Saudi Princes Arrested in Purge Are 'Sleeping on Floor' of the Ritz Carlton

Saudi Arabia's billionaire Prince Alwaleed bin Talal speaks to reporters during a press conference in the Saudi capital, Riyadh, on July 1, 2015. Fayez Nureldine/AFP/Getty

The Saudi princes, ministers and officials implicated in a sweeping anti-corruption purge by Riyadh are reportedly sleeping on the floor of the five-star Ritz-Carlton Hotel in the Saudi capital.

A video published by The New York Times shows figures lying on mattresses laden with floral blankets in the hotel's Ballroom B. A rifle can be seen and guards preventing the escape of those sitting on the mattresses.

Late Saturday, the Saudi government embarked on the arrest of dozens of people it accused of corruption, including not only members of its own royal family but billionaire members of the ruling elite, such as investor Prince Alwaleed bin Talal.

The development means that the hotel has been converted into what is effectively the most luxurious prison in the world, as the accused officials lay under gold chandeliers and amid opulent decor.

The British press published an image of the figures lying in the ballroom, including billionaire Prince Alwaleed bin Talal, the nephew of King Salman and one of the world's richest men with a net worth of around $18 billion. He boasts investments in 21st Century Fox and Citigroup. The photograph purportedly came from sources inside the Saudi government.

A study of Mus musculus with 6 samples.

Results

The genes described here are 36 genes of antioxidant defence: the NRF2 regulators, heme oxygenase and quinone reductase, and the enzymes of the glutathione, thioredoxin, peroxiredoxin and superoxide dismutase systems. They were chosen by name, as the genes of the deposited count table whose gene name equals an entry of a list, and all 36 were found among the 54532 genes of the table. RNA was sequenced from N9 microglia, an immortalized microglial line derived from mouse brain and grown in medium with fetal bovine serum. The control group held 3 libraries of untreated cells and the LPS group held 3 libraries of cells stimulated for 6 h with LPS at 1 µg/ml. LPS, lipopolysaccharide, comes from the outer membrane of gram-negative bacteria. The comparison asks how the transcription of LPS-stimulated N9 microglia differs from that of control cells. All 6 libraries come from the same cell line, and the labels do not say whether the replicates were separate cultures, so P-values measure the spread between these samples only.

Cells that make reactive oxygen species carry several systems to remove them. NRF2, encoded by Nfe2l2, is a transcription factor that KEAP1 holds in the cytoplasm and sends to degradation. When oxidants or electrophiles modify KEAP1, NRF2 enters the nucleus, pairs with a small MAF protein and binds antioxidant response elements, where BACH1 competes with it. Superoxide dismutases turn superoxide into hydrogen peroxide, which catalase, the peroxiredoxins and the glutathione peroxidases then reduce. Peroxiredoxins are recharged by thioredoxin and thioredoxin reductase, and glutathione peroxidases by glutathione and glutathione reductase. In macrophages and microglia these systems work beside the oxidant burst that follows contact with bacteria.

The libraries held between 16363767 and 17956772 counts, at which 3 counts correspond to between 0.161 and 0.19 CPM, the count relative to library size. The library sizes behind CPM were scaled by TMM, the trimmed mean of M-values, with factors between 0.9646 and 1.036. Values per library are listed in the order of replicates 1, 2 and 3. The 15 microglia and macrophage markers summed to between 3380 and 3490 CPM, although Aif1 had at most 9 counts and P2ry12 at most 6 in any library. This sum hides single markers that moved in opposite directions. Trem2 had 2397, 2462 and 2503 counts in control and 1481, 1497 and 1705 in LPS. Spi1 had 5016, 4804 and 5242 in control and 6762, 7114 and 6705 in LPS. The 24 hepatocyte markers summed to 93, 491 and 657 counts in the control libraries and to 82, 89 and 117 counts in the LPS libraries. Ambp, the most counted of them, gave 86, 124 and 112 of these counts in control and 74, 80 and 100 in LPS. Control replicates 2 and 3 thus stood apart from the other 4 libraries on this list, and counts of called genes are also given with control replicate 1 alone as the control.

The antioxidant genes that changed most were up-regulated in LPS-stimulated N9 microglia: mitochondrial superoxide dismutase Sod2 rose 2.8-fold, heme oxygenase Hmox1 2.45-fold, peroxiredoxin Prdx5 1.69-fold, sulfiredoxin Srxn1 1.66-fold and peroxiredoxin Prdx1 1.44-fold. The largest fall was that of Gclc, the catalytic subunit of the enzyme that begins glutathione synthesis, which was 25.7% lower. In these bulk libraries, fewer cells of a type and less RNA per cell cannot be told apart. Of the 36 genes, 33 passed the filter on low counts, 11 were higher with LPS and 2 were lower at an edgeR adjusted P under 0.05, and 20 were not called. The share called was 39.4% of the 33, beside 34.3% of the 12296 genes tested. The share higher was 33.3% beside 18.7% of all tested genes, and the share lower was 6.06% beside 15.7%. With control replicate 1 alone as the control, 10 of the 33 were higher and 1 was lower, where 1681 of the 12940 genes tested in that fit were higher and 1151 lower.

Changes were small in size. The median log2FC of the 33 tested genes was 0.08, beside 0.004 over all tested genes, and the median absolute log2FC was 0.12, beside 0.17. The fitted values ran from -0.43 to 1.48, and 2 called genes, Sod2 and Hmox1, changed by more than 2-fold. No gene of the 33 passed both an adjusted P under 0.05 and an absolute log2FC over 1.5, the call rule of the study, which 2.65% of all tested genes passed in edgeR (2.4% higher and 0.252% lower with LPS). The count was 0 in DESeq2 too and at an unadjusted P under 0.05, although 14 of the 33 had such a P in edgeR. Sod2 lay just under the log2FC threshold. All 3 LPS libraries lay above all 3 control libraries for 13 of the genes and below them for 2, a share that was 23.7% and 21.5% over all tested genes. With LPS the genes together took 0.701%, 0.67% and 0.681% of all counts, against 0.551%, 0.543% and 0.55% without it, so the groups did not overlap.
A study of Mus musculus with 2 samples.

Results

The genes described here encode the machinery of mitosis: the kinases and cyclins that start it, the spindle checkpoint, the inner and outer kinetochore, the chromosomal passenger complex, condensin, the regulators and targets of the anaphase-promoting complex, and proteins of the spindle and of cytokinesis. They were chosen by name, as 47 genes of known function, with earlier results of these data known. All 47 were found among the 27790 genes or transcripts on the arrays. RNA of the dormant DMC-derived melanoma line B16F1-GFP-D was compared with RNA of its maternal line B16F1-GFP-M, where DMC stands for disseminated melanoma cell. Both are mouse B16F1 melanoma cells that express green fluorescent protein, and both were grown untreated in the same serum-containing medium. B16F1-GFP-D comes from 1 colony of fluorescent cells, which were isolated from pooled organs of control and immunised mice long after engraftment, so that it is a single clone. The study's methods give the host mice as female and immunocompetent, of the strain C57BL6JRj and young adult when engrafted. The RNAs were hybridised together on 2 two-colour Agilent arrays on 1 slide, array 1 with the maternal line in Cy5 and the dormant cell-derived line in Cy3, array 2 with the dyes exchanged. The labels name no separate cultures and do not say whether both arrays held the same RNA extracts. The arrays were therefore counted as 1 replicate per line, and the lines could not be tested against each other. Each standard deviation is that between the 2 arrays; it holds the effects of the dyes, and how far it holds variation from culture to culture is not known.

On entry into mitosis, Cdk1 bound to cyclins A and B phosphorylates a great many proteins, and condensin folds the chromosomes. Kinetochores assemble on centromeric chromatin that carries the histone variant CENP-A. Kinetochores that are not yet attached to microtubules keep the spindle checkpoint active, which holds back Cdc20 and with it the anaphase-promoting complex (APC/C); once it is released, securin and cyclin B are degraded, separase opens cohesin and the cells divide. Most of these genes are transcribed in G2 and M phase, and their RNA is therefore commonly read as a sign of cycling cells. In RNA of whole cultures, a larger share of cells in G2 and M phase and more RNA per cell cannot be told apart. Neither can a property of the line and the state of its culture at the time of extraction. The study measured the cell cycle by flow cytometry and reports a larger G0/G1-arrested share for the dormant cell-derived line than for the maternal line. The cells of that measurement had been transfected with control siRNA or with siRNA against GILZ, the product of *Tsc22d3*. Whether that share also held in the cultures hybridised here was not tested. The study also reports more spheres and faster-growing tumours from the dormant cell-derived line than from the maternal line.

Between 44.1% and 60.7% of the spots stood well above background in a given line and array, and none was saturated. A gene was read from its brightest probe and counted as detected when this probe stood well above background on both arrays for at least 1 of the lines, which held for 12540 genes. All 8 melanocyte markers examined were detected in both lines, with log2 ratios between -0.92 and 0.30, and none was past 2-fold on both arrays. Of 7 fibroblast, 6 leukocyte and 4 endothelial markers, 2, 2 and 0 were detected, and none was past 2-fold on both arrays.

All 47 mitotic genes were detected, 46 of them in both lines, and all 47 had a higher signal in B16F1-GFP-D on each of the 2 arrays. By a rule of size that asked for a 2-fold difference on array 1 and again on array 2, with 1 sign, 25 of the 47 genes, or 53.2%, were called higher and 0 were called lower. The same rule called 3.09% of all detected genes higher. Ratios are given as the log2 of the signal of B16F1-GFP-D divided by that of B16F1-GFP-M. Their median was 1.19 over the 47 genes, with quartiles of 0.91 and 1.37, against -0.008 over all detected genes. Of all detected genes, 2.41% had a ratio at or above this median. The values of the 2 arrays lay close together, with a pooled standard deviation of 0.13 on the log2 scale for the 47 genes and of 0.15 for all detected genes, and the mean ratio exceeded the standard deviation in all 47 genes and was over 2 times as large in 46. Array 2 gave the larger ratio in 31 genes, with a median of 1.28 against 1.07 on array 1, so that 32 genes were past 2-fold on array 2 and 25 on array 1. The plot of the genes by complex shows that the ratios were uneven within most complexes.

"Due to unforeseen circumstances, the hotel's internet and telephone lines are currently disconnected until further notice," the website read when attempts were made to reserve a suite on Tuesday.

The high-profile purge took in 11 princes, four ministers, and dozens of officials and businessmen. Figures arrested included former Riyadh Governor Prince Turki bin Abdullah and former Finance Minister Ibrahim al-Assaf.

But it is not only those officials who were held against their will. The entire royal family, whose members are typically more accustomed to jet-setting around the world with freedom, has been prevented from leaving the country.

The arrests came just hours after King Salman ordered the creation of a new anti-corruption committee headed by his son crown prince Mohammed bin Salman, a 32-year-old who has embarked on a modernizing project ahead of his expected rise to the throne in the Gulf Kingdom.

The accused do not appear to have been granted their legal rights and are instead being held in the hotel, but they have not received international support, at least not from the United States. President Donald Trump late Monday gave his support for the purge.

"I have great confidence in King Salman and the Crown Prince of Saudi Arabia, they know exactly what they are doing," the U.S. president tweeted.

"Some of those they are harshly treating have been 'milking' their country for years!"